VATICAN CITY -- Pope Francis on Sunday urged political and military leaders in Libya to end their hostilities and called on the international community to take "to heart" the plight of migrants trapped in the lawless nation.
Also Sunday, the United Nations chief expressed horror at the discovery of at least eight mass graves in Libya in recent days and called for a prompt and transparent investigation into possible war crimes.
During his weekly blessing overlooking St. Peter's Square, the pontiff called for "an end to the violence" and a path toward "peace, stability and unity" in the country.
He said thousands of migrants, refugees, asylum-seekers and internally displaced people are "more vulnerable to forms of exploitation and violence."
"There is cruelty," the pope said, departing from prepared remarks. "We all have responsibility. No one can feel exempt."
The pope's comments came as forces allied with a U.N.-supported government in the capital, Tripoli, are preparing to launch an attack on rival forces led by military commander Khalifa Hifter in the strategic coastal city of Sirte. If successful, it could help them seize key oil fields and facilities in Libya's south.
Libya has been in turmoil since 2011 when a civil war toppled longtime dictator Moammar Gadhafi, who was later killed. The country has since split between rival administrations in the east and the west, each backed by armed groups and foreign governments.
Hifter's forces launched an offensive on Tripoli in April 2019. The chaos in the oil-rich country has steadily worsened as foreign backers increasingly intervened, despite pledges to the contrary at a high-profile peace summit in Berlin this year.
The Tripoli-based forces, backed by Turkey, gained the upper hand this month after retaking the capital's airport, all main entrance and exit points to the city and a string of key towns near Tripoli. That forced Hifter's fighters to withdraw -- defeats that commanders painted as a tactical measure to give the U.N.-backed peace process a chance.
After Gadhafi's fall and killing, Libya also emerged as a major transit point for African and Arab migrants fleeing war and poverty to Europe.
Most migrants make the perilous journey in ill-equipped and unsafe rubber boats. The International Organization for Migration said its estimated death toll among migrants who tried to cross the Mediterranean Sea in March passed the "grim milestone" of 20,000 since 2014.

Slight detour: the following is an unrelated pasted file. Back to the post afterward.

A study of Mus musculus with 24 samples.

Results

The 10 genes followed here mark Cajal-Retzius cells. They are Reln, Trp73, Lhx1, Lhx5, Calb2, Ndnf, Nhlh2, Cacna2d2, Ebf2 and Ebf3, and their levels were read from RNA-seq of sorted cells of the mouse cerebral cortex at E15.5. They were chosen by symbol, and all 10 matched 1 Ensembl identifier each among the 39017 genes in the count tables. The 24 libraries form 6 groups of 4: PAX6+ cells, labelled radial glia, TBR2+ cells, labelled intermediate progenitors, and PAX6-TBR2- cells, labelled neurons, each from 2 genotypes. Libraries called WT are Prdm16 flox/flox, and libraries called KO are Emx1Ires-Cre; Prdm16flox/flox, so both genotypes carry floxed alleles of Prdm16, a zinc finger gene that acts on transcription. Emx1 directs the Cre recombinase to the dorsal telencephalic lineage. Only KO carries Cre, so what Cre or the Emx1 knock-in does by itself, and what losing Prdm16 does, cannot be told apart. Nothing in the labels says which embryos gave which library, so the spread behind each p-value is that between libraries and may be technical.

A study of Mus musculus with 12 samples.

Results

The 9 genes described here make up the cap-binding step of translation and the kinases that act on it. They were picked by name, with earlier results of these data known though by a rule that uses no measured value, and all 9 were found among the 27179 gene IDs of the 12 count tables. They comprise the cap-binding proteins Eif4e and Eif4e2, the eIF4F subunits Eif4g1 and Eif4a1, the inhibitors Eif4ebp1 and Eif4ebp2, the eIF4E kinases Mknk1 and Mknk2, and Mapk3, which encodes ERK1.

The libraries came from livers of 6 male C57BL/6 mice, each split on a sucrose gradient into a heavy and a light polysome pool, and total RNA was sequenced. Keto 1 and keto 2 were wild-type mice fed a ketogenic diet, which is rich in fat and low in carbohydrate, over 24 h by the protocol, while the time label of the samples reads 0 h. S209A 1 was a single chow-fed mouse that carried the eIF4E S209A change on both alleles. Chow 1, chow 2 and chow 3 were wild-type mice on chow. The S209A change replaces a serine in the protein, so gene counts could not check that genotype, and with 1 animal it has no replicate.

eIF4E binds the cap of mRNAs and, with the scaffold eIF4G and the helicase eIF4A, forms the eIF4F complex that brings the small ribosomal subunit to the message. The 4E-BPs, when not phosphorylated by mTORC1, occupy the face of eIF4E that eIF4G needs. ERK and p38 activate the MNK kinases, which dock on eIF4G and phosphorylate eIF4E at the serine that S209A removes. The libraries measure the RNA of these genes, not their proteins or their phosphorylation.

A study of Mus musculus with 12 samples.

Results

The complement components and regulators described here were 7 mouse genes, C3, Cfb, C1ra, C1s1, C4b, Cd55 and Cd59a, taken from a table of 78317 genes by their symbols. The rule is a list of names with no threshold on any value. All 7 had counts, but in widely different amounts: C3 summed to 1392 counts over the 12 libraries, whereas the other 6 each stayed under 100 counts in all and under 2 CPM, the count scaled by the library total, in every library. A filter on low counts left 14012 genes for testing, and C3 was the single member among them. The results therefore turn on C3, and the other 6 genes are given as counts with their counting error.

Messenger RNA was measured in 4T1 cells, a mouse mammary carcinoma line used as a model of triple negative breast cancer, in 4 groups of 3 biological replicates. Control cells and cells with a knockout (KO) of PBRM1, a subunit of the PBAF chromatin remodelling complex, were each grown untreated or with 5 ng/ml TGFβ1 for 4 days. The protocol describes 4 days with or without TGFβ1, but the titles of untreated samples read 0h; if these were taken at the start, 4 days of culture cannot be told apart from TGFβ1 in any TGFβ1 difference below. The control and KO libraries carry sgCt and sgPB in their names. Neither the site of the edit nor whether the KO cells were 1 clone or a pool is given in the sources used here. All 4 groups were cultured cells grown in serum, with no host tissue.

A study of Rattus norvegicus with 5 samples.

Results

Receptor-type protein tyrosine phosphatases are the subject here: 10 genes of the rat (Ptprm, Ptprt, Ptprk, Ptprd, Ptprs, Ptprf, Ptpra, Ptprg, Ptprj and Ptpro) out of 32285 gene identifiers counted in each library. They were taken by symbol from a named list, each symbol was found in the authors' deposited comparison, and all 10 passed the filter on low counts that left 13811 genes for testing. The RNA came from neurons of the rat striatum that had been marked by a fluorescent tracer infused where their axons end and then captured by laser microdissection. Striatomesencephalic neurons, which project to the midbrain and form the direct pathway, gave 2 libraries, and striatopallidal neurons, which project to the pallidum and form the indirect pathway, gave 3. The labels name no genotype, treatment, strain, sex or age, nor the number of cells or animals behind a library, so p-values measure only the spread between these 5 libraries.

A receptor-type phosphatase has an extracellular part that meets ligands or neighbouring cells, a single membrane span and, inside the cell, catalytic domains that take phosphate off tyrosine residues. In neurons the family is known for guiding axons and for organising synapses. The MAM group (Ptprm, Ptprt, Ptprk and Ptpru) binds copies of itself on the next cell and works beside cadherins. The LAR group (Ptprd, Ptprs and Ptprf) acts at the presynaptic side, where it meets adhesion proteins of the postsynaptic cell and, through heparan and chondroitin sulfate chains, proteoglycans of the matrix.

On Saturday, the U.N. migration agency said a dozen people were missing and feared drowned after a boat carrying about three dozen migrants bound for Europe capsized in the Mediterranean off the coastal town of Zawiya, about 30 miles west of Tripoli.
The mass graves were uncovered after fighters loyal to Hifter retreated from Tarhuna, 40 miles southeast of the capital.
U.N. Secretary-General Antonio Guterres said he was "deeply shocked" by the discovery, and he called on the Tripoli government to secure the graves, identify victims, establish causes of death and return the bodies to their next of kin.
Pictures circulating on social media showed bodies heaped on the ground, tangled in plastic, or buried in pits in the desert outside Tarhuna. Separately, government officials found dozens of bodies in the town morgue as well as stacked in a shipping container.
Investigators in plastic suits began the work of cataloging the decomposing bodies and said they would use DNA samples to assist with identification.
Tarhuna was Hifter's final stronghold in western Libya, and after it fell last week the government's Turkish-backed forces initially faced accusations of human-rights abuses.
Government troops looted stores, burned buildings and carried out revenge killings against supporters of al-Kaniyat, the Hifter-allied militia that had fled Tarhuna days earlier. At least 16,000 people in Tarhuna and southern Tripoli were forced to flee their homes, the U.N. said.
Then the focus turned to Hifter's side with the discovery of the graves.
It is unclear when the killings took place.
Information for this article was contributed by staff members of The Associated Press and by Declan Walsh of The New York Times.